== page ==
Addressing the Smart Metering Forum, Baroness Verma highlighted the "real and substantial benefits" the new technology will bring to consumers. However, the programme would only be successful if consumers were given a choice about "how their data is used and by whom".
"By putting consumers in control of their energy use, smart meters enable consumers to adopt behaviour changes to improve energy efficiency and help save money on their energy bills," she said. "The security of the smart metering system is a top priority for [the Department of Energy and Climate Change] DECC."
DECC will publish new rules on data privacy, security and consumer engagement "shortly", she said.
Smart metering technology is due to be put in place from 2014. Approximately 55 million meters will be installed, covering every UK household and business, by 2019. Smart metering enables a two-way flow of information about energy consumption and demand for energy to suppliers and network operators. The Government has said smart metering will help to reduce unnecessary energy use and emissions and cut consumers' energy bills.
Baroness Verma said that the Government was taking a "secure by design" approach to ensure the ongoing security of smart metering, meaning that security concerns were being considered and addressed at "every stage" of the national programme's development.
"The principle that has informed our thinking in this area from the start is that consumers will have a choice over who has access to their smart meter data, except where the data is needed to fulfil regulated duties," she said.
This exception will give suppliers access to monthly data without customer consent, to be used for billing purposes and to fulfil statutory requirements and licence obligations. Suppliers wishing to access daily data will have to provide a "clear opportunity" for customers to opt out, and will be unable to use that data for marketing without the customer's explicit consent. If suppliers wish to access more detailed data, such as half-hourly data, they will also have to obtain explicit customer consent.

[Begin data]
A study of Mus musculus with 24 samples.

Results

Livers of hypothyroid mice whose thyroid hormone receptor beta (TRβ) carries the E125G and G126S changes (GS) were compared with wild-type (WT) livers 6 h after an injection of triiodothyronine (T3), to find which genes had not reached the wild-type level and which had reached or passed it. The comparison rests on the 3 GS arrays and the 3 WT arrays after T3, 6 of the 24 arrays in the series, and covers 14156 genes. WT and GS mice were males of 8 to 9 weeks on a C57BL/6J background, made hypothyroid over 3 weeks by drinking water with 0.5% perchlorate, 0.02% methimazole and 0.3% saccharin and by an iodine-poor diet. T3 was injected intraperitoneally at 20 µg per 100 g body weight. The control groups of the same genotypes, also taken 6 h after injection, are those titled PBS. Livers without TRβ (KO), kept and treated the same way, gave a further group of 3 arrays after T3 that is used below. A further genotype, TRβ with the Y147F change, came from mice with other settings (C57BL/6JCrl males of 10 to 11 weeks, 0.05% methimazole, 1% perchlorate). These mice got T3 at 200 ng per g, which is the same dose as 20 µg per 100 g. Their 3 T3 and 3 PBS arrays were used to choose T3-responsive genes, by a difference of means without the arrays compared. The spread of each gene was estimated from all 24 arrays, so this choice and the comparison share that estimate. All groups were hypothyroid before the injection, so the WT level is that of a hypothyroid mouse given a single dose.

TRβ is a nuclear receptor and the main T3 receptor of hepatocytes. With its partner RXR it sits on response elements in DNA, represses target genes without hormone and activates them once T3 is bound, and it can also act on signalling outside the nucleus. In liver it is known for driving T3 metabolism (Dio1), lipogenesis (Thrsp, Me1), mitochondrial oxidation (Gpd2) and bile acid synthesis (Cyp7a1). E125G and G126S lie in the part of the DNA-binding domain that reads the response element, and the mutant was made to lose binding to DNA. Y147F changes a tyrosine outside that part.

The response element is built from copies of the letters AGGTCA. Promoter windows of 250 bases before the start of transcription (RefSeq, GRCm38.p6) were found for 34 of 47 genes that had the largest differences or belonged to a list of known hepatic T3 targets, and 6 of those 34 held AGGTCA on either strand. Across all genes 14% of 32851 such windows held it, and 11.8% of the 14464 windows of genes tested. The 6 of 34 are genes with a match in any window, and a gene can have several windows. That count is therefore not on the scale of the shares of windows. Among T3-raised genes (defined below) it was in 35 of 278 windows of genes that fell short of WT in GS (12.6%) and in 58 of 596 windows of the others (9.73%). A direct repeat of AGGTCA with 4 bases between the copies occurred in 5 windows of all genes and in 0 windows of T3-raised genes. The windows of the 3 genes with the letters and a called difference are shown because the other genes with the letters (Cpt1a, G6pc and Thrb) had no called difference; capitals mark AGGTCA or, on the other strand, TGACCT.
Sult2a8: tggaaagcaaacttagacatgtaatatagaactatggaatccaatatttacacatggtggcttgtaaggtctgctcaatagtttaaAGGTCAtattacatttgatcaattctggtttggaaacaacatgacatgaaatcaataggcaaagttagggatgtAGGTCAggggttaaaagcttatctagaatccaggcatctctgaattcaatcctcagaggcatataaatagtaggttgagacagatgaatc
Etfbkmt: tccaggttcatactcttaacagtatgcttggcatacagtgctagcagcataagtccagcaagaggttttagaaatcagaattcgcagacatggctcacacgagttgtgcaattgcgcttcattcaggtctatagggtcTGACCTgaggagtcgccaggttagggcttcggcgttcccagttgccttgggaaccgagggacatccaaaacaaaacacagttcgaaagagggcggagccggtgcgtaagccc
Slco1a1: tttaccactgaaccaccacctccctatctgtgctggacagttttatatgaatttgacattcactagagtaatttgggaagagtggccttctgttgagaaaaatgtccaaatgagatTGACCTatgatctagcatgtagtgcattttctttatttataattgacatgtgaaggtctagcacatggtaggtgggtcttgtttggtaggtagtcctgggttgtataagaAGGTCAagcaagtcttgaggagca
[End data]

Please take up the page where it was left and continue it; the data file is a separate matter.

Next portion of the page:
The Government has previously indicated that specific obligations for data security will be built into its conditions for granting licenses to install the technology to suppliers. An industry Code of Practice will also prevent any sales from taking place while the technology is being installed in a customer's home.
Smart metering expert Chris Martin of Pinsent Masons, the law firm behind Out-Law.com, said that data security and the protection of privacy were recognised by large suppliers and other industry stakeholders as being of fundamental importance. However, he emphasised that the controlled use of customer data was essential in order to deliver the full benefits of smart metering.
"The general consensus within the industry is that customers should be at the heart of the smart metering programme, and that it is right to treat privacy and data security seriously," he said. "However, there is a risk that if the data privacy net is drawn too tightly that this may cut across the realisation of some of the anticipated benefits of the programme. Use of customer consumption data, albeit with the knowledge of customers, will be necessary in order to deliver the energy efficiency and savings anticipated by the Government."
He added that the protections which would be set out in the new industry Code of Practice would be supplementary to those guaranteed by the Data Protection Act (DPA), which governs the processing of personal information connected to identifiable living people.
The Government plans to consult on a new smart metering Central Delivery Body, to be established and funded by suppliers. In her speech, Baroness Verma said that the new body would deliver a centralised consumer engagement programme, to support the work that suppliers will be doing themselves. The central body's work would include programmes to build consumer confidence, willingness, awareness and understanding of how to use the new technology.